A certificate of occupancy is a document issued by
a local government agency or building department certifying a building’s compliance with applicable building codes and other laws, and indicating it to be in a condition suitable for occupancy. The procedure and requirements for A certificate of occupancy is a document issued by a local government agency or building department certifying a building’s compliance with applicable building codes and other laws, and indicating it to be in a condition suitable for occupancy. The procedure and requirements for the certificate vary widely from jurisdiction to jurisdiction and on the type of structure. Obtaining a certificate is generally required whenever:
• a new building is constructed
• a building built for one use is to be used for another (e.g., an industrial building converted for residential use)
• occupancy of a commercial or industrial building changes, or ownership of a commercial, industrial, or multiple-family residential building changes
The purpose of obtaining a certificate of occupancy is to prove that, according to the law, the house or building is in livable condition. Generally, such a certificate is necessary to be able to occupy the structure for everyday use, as well as to be able to sign a contract to sell the space and close on a mortgage for the space.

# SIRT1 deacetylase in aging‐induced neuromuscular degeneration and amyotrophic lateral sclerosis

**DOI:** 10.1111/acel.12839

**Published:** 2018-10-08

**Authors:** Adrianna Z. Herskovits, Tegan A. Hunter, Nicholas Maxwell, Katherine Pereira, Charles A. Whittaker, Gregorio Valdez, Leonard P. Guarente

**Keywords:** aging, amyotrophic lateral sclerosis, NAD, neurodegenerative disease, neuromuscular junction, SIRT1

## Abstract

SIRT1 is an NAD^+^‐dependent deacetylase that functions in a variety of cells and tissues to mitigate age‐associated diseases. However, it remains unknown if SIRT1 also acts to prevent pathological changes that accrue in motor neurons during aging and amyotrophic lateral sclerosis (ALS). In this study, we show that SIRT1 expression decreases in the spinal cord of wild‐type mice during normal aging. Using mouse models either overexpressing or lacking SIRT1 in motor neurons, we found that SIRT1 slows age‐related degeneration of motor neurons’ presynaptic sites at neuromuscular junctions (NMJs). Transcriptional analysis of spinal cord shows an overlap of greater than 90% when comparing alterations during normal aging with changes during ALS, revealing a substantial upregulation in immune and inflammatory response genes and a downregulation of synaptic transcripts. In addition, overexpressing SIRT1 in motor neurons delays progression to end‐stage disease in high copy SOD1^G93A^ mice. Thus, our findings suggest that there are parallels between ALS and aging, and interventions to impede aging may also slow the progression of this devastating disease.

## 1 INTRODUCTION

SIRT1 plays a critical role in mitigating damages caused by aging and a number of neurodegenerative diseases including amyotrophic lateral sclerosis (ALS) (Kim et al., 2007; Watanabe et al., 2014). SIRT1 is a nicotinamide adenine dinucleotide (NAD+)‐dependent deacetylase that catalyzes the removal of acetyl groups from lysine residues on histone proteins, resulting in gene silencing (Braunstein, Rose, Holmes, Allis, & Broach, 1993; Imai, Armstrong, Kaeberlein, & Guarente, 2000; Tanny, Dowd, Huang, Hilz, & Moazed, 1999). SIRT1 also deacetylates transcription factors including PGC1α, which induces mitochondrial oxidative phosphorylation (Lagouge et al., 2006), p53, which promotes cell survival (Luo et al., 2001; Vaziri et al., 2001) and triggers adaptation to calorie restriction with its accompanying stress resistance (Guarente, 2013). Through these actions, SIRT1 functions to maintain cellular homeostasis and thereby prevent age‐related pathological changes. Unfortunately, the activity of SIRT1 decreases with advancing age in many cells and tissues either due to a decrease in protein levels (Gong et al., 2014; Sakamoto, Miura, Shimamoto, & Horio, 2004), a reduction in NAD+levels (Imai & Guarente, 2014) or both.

A certificate of occupancy is evidence that the building complies substantially with the plans and specifications that have been submitted to, and approved by, the local authority. It complements a building permit—a document that must be filed by the applicant with the local authority before construction to indicate that the proposed construction will adhere to ordinances, codes, and laws.
What is Temporary Occupation Certificate?
A temporary certificate of occupancy grants residents and building owners all of the same rights as a certificate of occupancy, however it is only for a temporary period of time. Temporary certificates of occupancy are generally sought after and acquired when a building is still under minor construction, but there is a certain section or number of floors that are deemed to be habitable, and, upon issuance of TCO, can legally be occupied or sold.